For months, I held the weight of expectancy in my heart.
It filled my prayers, woke me in the middle of the night, and entered my dreams. I didn’t know what the answer would be, but I carried a childlike confidence. Almost certain a “yes” was eminent, I prayed with more boldness, sure that this step in writing would further the message God called me to.
Then, the email arrived in my inbox. I read it several times, trying to process each syllable and search for a reason to the unknown. The answer was no. And in the space of a few seconds, a door I’d waited for months to open wide was shut with finality.
Nothing I could say or do would open it, and questions consumed my mind for days after reading the words. Did I pray hard enough? Big enough? Was there something I could have said or done to change the outcome?
Rejections and noes can make us want to retreat. They can bring us to our knees as we doubt our abilities, God’s calling on our lives and our next steps forward.
This no cut deep, and I knew I needed to allow myself time to grieve for a few days. But I also knew I had to keep going.
One of God’s greatest gifts in my life is having friends who speak truth and life, and after a day of feeling sorry for myself, two of them spoke the exact same wisdom into my heart:
“Abby, I think God is creating space to work on what’s most important during this season.”
We tend to fill our lives up with every good thing we can, don’t we? If the opportunity is available and it’s appealing, we may not even stop to pray or to seek God about whether or not it’s a good idea.
But the more I follow Jesus, the more I see that the noes in life are as much of a gift as the yeses.
Why? Because they allow space. They clear the clutter and created room in our over-packed, crammed full agenda for the things he desires for us. They provide time to for us to stop focusing on the good and pursue the very best he has for us.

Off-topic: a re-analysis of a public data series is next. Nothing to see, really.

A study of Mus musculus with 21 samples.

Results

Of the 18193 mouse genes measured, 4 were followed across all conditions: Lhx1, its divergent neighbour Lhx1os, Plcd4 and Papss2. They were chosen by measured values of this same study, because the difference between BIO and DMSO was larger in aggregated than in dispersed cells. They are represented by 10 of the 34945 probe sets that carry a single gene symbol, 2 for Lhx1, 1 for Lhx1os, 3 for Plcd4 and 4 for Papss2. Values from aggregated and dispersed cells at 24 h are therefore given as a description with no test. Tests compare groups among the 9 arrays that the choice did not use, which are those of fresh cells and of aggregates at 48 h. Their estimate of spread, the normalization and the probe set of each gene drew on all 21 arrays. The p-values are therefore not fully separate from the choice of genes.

Yes, sometimes it’s painful. Pruning is almost never easy. But it’s oh so necessary. It’s what a loving Father does for his children, and you know what? He even did it for his very own Son, Jesus.
Sometimes we read the same passage of scripture so many times, we think we’ve gleaned all there is to receive from it. But as I read in the gospel of John last week, the words jumped off the page as I realized Jesus wasn’t describing something he hadn’t experienced. He was the one who directed by the Father first, so we later could receive the same loving treatment after him, for our benefit.
“I am the true vine, and my Father is the gardener. He cuts off every branch in me that bears no fruit, while every branch that does bear fruit he prunes so that it will be even more fruitful.”
The vine and the vinedresser were in compete connection. They were one. But this oneness came at a cost.
Jesus repeatedly reminds us throughout this gospel that he was not there to carry out his own will, but the will of the Father. He gets away to connect with him, to pray, and to seek the Father’s course, not his own.
Friends, Jesus was perfect and without sin, but he still had to receive instruction. He was human in every way, with the same emotions, will, and distractions you and I face each moment.
Noes are not an act of dictatorship, but an act of love.
It may be a simple course redirect. It may be a no which leads to a perfect yes.
But each cut is necessary, or it wouldn’t be done. We don’t serve a God who waves at us as an onlooker from afar, but one who’s concerned with each intimate detail of our lives. And just as he pruned his own Son, he prunes us.
He knows the next step and what will be required of us to make it with intention. He knows the mountains and the valleys that lay ahead.
Trust him even when the noes come. Because your “yes” could be just around the corner.